Who can answer the silent questions of a young Hari boy?

Published: March 13, 2012

My Eids are always spent in my village located in interior Sindh. Last Eid, I spent the whole night playing cricket, feasting on Karhai at a highway eatery coupled with the occasional smoke. I sat with my paternal cousins, waiting for another round of tea till four in the night.

That is when the ‘haris’ woke up to start another day of their daily toil.

The peasant’s life – what miserable existence!

Generation after generation, cycle after cycle, season after season; the tiller of the soil, the reaper of mother earth’s countless benedictions, clothed in nothing more than rags, an axe in hand with his fate determined by the number of lines at his ‘Master’s brow.

Members of the Hari community came to the same eatery that we were sitting in. They sat apart. Among them, there was one Hari boy whose gaze I shall never be able to forget as he wondrously gazed at the affluent kids; centuries of exploitation, destitution and penury were all combined in one gape.

He asked a thousand question with that stare.

Yes, contrary to the vibes of romanticisation many feel for the rural world, life is indeed ‘nasty, short and brutish’ for a multitude in Pakistan’s pastoral environs. It is only beautiful for the local zamindar, jagirdar and wadera.

In Sindh, there are some Hari families, which have been in the same occupation for the past 500 years and beyond. There are some, whose children cannot even read a localized vernacular of Sindhi. There are some, where even curable illnesses imply certain death.

The situation is even worse here than the Punjab.

Historically, the landowner-tenant relations in Punjab were characterised as ‘zamindari’ relations. The landowner-tenant relationship in Sindh, introduced in the Raj, were categorised as ‘ryotwari.’ One cannot dwell upon the specific differences between the two systems; however, there are two which need to be highlighted.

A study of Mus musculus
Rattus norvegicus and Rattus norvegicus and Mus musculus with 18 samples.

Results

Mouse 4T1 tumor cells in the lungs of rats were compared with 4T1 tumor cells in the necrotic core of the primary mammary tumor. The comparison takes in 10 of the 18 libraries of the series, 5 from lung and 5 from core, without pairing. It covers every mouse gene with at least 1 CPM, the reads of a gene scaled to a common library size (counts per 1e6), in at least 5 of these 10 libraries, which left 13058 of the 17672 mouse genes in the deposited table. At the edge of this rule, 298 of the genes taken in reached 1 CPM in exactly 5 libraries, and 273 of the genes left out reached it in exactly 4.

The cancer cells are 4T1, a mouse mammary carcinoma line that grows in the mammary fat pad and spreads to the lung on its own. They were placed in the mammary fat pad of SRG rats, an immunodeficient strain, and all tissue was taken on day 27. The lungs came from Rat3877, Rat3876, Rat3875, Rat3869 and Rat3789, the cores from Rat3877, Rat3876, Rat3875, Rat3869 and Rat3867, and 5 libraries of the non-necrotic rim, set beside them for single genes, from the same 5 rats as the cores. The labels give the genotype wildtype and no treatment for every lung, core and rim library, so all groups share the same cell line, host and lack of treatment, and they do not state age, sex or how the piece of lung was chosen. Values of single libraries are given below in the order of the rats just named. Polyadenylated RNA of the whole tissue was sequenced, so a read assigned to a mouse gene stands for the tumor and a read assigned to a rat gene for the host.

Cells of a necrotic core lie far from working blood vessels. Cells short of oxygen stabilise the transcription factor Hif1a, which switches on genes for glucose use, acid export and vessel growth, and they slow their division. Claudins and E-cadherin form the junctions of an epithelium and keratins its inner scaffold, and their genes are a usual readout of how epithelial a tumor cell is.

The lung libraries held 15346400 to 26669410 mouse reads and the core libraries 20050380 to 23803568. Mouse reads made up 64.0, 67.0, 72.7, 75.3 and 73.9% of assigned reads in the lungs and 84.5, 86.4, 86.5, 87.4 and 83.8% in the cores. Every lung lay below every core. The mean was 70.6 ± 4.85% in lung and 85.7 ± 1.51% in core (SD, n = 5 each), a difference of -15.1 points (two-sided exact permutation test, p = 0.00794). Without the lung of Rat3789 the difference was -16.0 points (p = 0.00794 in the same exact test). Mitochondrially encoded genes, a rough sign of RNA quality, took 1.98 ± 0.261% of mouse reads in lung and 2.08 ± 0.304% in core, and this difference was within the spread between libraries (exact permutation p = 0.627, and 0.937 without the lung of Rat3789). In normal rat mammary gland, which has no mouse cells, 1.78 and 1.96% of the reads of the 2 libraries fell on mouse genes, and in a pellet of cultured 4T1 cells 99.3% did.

Firstly, the ryotwari system was more exploitative since power was constrained in the hands of a few landlords, seen in a favourable light by the Raj’s top echelons. Consequently, landholdings of individual landlords were larger in size; comprising of thousand of acres.

In the zamindari system, power was more dispersed and land holdings were smaller. The zamindar’s power over the tenants was still considerable but it was nothing comparable to the levels of authority the Sindhi landlords subsequently subsumed.

The situation only worsened after the creation of Pakistan since the future politicians of Sindh were all to come from these landlord families. Power was not only centralized in the hands of few; it was severe in its totality too.

I doubt whether the politicians of my village, the policy makers of this country or the countless who continue to reap profits from the Haris’ labor have answers to the questions in the stare of that young Hari boy.

Taimur Arbab

Taimur Arbab

A former sub-editor at The Express Tribune, college teacher of Sociology and English Language and a graduate student at Aga Khan Institute for Educational Development, who leans toward the left side of the political spectrum and looks for ideas for his short stories and poems in the everyday happenings of life.

The views expressed by the writer and the reader comments do not necessarily reflect the views and policies of The Express Tribune.